Posted by Terry A. Wapner | Feb 12, 2014 | 0 Comments

Have you ever heard the phrase: Fruit of the Poisonous Tree? It can be a head scratcher for many people, but it's an important concept in the area of DUI and criminal defense. Technically, it means that evidence gathered by illegal means must be excluded from trial. How do officers obtain it? Well, it can be gathered in a number of ways, but a common way is through an illegal interrogation.

The case that developed the fruit of the poisonous tree concept was Wong Sun v. United States (1963). In this case, the prosecution introduced drugs into evidence. However, the only reason federal officers had learned about these drugs was through a witness that was only identified when the defendant made a statement during an unlawful arrest.

This was a U.S. Supreme Court case and the Court ruled that any and all evidence obtained as a result of the unlawful arrest was considered fruit of the poisonous tree and must be excluded.

The fruit of the poisonous tree concept goes back to the Exclusionary Rule. This rule is available to the defendant in a criminal case as a remedy for illegal searches that end up violating the defendant's 4th Amendment rights. The 4th Amendment protects against unreasonable searches and seizures.

In cases where the Exclusionary Rule applies, illegally obtained evidence must be excluded. The fruit of the poisonous tree doctrine goes one step further and says that not only is the original evidence excluded, but so is anything else discovered as a result of the initial, unlawful search.

There are some other, related concepts that go along with the fruit of the poisonous tree doctrine. These include the following:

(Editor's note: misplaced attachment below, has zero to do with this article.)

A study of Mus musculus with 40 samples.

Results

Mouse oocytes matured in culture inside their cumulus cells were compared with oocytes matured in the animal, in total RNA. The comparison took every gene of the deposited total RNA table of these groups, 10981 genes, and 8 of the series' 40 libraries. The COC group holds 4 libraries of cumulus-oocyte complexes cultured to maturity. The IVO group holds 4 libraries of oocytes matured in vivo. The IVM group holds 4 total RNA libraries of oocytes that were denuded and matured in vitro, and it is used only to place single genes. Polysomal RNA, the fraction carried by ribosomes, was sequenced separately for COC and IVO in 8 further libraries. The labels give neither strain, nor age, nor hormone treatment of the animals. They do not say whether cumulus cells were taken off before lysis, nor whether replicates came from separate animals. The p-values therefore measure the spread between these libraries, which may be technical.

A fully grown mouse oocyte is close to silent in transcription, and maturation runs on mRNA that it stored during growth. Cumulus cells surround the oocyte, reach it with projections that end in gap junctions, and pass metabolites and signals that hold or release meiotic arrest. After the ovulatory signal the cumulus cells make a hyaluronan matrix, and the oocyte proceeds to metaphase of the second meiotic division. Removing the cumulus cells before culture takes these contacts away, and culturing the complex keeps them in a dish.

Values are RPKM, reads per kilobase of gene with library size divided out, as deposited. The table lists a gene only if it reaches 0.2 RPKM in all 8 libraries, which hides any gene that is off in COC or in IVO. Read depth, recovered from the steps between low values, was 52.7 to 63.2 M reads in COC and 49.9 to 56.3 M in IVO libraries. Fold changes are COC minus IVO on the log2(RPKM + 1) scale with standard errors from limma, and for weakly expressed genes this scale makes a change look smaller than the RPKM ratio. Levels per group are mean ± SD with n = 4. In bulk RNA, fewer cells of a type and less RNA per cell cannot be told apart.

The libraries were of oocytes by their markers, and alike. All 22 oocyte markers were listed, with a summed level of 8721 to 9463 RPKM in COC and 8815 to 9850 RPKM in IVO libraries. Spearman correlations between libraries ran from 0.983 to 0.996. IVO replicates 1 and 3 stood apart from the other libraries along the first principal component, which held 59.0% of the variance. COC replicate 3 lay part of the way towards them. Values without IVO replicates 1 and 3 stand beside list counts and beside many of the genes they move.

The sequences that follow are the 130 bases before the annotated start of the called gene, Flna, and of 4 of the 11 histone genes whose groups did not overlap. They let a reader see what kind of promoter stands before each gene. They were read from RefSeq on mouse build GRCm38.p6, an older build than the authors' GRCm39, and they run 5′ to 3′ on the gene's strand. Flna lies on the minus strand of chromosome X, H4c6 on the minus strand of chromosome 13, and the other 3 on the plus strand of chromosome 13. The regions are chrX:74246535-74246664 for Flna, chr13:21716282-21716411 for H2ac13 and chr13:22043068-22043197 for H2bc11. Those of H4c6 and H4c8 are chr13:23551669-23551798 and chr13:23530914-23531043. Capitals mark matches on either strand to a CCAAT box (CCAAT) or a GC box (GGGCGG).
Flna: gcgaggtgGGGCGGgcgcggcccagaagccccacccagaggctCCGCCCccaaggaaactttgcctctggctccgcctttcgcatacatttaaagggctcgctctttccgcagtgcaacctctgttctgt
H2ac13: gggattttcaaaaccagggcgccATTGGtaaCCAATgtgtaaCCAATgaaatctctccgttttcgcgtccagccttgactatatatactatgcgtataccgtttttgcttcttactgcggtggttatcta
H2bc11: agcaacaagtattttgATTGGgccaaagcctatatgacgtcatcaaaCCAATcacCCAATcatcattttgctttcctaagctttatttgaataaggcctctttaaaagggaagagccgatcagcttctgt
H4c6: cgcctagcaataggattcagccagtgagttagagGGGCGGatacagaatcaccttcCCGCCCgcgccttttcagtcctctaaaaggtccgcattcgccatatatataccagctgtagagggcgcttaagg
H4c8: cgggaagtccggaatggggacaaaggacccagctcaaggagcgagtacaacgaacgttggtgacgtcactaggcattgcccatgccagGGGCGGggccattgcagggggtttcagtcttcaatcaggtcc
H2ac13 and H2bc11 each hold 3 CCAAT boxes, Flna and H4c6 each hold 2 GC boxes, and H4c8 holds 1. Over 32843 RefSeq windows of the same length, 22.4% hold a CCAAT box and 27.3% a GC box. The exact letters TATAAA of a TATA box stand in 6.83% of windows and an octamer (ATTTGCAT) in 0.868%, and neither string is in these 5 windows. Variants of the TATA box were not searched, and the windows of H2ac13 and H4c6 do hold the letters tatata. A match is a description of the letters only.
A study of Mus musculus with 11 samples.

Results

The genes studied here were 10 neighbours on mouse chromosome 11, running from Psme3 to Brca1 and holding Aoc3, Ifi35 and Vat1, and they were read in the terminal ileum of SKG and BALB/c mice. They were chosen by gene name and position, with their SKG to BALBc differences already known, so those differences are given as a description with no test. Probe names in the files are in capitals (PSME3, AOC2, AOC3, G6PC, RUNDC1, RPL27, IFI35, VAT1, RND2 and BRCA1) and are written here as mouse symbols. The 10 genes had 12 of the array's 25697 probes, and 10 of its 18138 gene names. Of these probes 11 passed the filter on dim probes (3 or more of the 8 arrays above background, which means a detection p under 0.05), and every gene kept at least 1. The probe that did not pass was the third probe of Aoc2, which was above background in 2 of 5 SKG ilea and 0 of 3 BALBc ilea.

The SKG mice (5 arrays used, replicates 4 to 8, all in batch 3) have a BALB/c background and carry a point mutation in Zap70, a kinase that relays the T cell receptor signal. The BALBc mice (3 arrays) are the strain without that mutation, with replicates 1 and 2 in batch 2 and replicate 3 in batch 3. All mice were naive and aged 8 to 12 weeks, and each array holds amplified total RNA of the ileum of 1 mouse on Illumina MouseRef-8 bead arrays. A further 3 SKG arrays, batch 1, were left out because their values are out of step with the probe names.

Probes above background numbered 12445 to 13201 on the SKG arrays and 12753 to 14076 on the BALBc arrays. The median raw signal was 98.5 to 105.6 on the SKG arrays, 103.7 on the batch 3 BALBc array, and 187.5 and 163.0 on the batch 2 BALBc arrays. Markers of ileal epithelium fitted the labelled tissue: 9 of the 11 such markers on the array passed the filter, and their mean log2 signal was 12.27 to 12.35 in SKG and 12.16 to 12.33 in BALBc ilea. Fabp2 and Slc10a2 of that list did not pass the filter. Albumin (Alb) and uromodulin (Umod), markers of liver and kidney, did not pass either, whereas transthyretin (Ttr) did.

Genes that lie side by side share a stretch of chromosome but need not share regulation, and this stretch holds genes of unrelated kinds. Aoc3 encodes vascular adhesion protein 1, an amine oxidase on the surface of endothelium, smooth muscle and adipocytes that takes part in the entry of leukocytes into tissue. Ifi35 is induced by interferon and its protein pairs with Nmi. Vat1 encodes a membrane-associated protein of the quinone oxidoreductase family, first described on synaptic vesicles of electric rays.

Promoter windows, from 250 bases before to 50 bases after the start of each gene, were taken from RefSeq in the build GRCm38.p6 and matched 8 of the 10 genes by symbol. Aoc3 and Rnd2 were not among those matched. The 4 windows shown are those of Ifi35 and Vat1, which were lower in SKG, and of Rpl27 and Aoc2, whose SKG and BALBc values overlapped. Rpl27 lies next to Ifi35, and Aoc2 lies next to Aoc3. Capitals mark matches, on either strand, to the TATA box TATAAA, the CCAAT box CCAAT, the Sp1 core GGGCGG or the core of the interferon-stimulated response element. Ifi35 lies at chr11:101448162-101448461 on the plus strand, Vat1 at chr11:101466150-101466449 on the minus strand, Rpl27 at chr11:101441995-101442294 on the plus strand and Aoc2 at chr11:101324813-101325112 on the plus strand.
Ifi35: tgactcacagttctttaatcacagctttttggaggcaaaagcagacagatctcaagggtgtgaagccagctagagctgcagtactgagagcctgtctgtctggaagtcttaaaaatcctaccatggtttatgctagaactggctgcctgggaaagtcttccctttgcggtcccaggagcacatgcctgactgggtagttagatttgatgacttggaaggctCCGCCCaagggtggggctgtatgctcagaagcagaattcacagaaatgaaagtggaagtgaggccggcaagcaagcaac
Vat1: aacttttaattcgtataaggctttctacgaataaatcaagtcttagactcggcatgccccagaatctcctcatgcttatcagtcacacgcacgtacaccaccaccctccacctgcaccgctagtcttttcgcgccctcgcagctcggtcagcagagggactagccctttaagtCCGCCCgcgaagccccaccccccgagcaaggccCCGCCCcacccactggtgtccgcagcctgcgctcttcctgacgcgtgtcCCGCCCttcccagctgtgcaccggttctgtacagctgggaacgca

• Admissible Evidence: This is the type of evidence that you are probably most familiar with. It is generally straightforward. This is the type of evidence that is allowed during a trial. To be permitted, it must make something more or less probable.
  • Excluded Evidence: This is what I have been talking about in this post. This is evidence that may be relevant and admissible, but cannot be admitted for some reason besides irrelevancy.
  • Good Faith: When the term “good faith” is used in the legal context, it is meant to imply that there was a reasonable, honest belief involved. In addition, there was no malice or bad intent used and no intent to defraud. Good faith is usually considered in light of all the facts and is used in a case-by-case basis.

When talking about the fruit of the poisonous tree doctrine, one must keep in mind that there are three exceptions to the rule. In the following three situations, evidence will not be excluded, even though it had been obtained unlawfully:

  • If the evidence was discovered from a source independent of the illegal act;
  • If discovery of the evidence was inevitable; or
  • If there is attenuation between the illegal activity and the discovery of the evidence.

Criminal charges are never simple. The legal paperwork involved is nothing short of a nightmare for most people. You don't have to fight your charges on your own! I have helped many people in the Fresno area defend DUI and other alcohol-related charges and I can help you, too!

About the Author

Terry A. Wapner

Terry A. Wapner confines his practice to the defense of persons accused of driving under the influence of alcohol and/or drugs, and related crimes.